CEO, Tom Cotney

Imagine Communications is splitting its business into two organisations encompassing playout and networking and advertising technology respectively. The ownership of the company will remain as before and recently appointed Tom Cotney will continue to serve CEO of both businesses.

Steve Reynolds, president, playout and networking solutions and previously CTO, will take charge of the playout arm and Sarah Foss, SVP and general manager, ad tech, will be in charge of advertising technology.

“Internally we pretty much operate that way anyway,” said Paula Bargery, sales director, UKISA at Imagine, speaking to DTVE at the NAB Show. “This is just formalising that. It will take effect immediately. We see both businesses have different challenges. Ad tech is in expansion mode and we are looking at filling gaps in our portfolio through acquisitions.”

She said that the new ad tech business is going to include not only traditional advertising products but all of Imagine’s OTT business line including non-linear ad insertion and packaging.

Previously there was an advertising management solutions business and the OTT business was managed separately.

Non-linear advertising is “the key area prompting RFPs, not only in terms of rights management across multiple different distribution channels and scheduling, but customers on the ad side want to be able to blend those things and spend across linear and non-linear and put together linear and non-linear mixed schedules,” said Bargery.

She said non-linear is growing it is not yet generating huge revenues, meaning that broadcasters are looking for low-risk entry strategies. “There is a balance between making the investment and not seeing an immediate return. Adding [non-linear] to the linear platform makes it less risky and less costly to do it.”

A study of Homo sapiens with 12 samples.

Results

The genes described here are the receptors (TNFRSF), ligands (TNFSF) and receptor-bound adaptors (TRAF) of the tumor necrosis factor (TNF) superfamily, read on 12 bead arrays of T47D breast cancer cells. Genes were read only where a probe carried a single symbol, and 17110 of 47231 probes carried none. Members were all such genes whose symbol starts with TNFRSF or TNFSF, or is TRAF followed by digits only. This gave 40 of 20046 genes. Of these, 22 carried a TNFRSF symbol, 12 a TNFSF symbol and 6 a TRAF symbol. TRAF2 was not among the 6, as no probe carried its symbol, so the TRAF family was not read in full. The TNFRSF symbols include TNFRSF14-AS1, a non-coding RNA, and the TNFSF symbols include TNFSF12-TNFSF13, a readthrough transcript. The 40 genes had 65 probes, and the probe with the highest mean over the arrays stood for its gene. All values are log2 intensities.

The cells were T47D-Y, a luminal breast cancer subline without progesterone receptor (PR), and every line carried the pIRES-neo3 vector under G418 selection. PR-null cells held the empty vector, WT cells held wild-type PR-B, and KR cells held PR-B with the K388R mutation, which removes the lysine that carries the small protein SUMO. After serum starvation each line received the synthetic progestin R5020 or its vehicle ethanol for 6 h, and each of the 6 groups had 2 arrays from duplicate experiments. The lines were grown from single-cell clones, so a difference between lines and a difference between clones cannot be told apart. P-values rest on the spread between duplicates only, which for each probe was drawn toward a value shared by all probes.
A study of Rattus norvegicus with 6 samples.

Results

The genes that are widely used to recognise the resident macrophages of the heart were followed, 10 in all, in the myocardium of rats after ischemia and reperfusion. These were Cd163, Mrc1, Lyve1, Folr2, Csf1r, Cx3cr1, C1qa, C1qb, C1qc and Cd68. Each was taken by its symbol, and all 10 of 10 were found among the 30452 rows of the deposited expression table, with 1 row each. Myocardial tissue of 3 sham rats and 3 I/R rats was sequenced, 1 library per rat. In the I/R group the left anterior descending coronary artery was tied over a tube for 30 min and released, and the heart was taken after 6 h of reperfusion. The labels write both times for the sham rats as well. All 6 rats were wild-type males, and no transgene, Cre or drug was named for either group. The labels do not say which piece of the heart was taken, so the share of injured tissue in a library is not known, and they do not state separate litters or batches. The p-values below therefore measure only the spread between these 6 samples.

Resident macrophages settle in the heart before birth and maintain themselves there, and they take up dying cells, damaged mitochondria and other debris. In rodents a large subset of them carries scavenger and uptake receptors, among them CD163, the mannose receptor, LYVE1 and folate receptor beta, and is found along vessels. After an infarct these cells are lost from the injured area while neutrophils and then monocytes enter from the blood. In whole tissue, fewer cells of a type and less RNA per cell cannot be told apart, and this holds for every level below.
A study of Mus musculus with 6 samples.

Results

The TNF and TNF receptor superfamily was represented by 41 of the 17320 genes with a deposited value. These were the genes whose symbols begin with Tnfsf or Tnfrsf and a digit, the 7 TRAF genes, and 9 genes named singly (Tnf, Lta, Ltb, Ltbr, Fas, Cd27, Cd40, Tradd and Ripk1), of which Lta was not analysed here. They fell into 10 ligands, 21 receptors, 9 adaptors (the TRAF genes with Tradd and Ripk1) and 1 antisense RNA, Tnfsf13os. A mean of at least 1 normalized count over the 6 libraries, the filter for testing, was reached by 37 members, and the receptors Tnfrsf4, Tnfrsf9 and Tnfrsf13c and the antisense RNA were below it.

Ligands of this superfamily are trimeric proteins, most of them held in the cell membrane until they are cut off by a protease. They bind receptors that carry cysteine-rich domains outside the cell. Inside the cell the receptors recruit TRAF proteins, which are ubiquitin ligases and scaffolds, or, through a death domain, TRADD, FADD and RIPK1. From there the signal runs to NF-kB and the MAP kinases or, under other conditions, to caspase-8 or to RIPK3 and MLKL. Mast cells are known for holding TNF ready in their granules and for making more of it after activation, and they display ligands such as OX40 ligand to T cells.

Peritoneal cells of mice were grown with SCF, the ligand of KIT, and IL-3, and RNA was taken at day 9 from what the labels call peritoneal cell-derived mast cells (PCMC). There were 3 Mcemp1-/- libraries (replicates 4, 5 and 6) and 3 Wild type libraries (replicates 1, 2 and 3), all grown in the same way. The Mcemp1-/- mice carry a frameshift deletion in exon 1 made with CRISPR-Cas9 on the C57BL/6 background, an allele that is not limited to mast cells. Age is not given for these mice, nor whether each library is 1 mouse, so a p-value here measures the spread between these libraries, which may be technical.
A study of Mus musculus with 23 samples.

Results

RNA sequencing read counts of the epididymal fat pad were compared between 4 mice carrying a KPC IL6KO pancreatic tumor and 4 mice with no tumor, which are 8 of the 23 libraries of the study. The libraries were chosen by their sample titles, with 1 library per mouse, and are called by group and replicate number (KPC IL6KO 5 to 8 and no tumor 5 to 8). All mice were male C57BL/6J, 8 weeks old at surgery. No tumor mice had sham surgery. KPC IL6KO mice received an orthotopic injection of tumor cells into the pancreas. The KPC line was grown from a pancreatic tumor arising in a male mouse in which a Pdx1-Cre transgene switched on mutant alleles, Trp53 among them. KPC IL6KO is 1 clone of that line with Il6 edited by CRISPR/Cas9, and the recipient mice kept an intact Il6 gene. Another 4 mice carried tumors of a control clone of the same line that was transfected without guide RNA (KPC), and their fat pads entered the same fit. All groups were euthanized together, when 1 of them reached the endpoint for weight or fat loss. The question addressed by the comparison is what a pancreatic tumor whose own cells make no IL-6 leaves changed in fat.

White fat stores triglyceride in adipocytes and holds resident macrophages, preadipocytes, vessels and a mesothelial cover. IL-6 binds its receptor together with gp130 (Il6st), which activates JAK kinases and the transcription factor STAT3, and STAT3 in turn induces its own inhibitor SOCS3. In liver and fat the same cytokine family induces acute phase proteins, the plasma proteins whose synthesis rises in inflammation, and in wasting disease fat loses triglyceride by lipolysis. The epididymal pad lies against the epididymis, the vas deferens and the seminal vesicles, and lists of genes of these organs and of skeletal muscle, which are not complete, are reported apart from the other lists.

The Landmark airtime sales system has now been complemented by non-linear functionality so that people can manage everything in the same system. Bargery said this approach is now being extended to Imagine’s next-generation modular platform xG. “We can bring individual modules to market a lot more quickly and it is no longer proprietary so we can sell different modules to companies that don’t use underlying Imagine platforms.”

An example is xG Gameplan, a new automatic booking module “Our plan is to do that across the entire suite,” she said. Other modules include xG Scorecard, an analysis platform that can also talk to other third party applications through open APIs.

The playout arm of Imagine faces a number of challenges and is likely to grow more slowly.

“The playout market is very tough. It is a race to the bottom in terms of margins and it requires a different approach,” said Bargery. She said the plan was to get that business “into the best shape possible. The move to IP has taken longer than anyone predicted. The focus will be on ensuring our key solutions will be ready.”

She said technology is ready but adoption is slow. “Customer adoption has been slower than we thought and it varies by region. At the same time there has been a fall-off in the traditional SDI business. IP is growing but those two things aren’t happening at the same rate.”

One major reason for slower than expected uptake “has been waiting for standards to be agreed”, she said, citing the recent ratification of the SMPTE-2110 standard for IP exchange Customers are also looking at their own organizations and to see if they are properly structured, she added.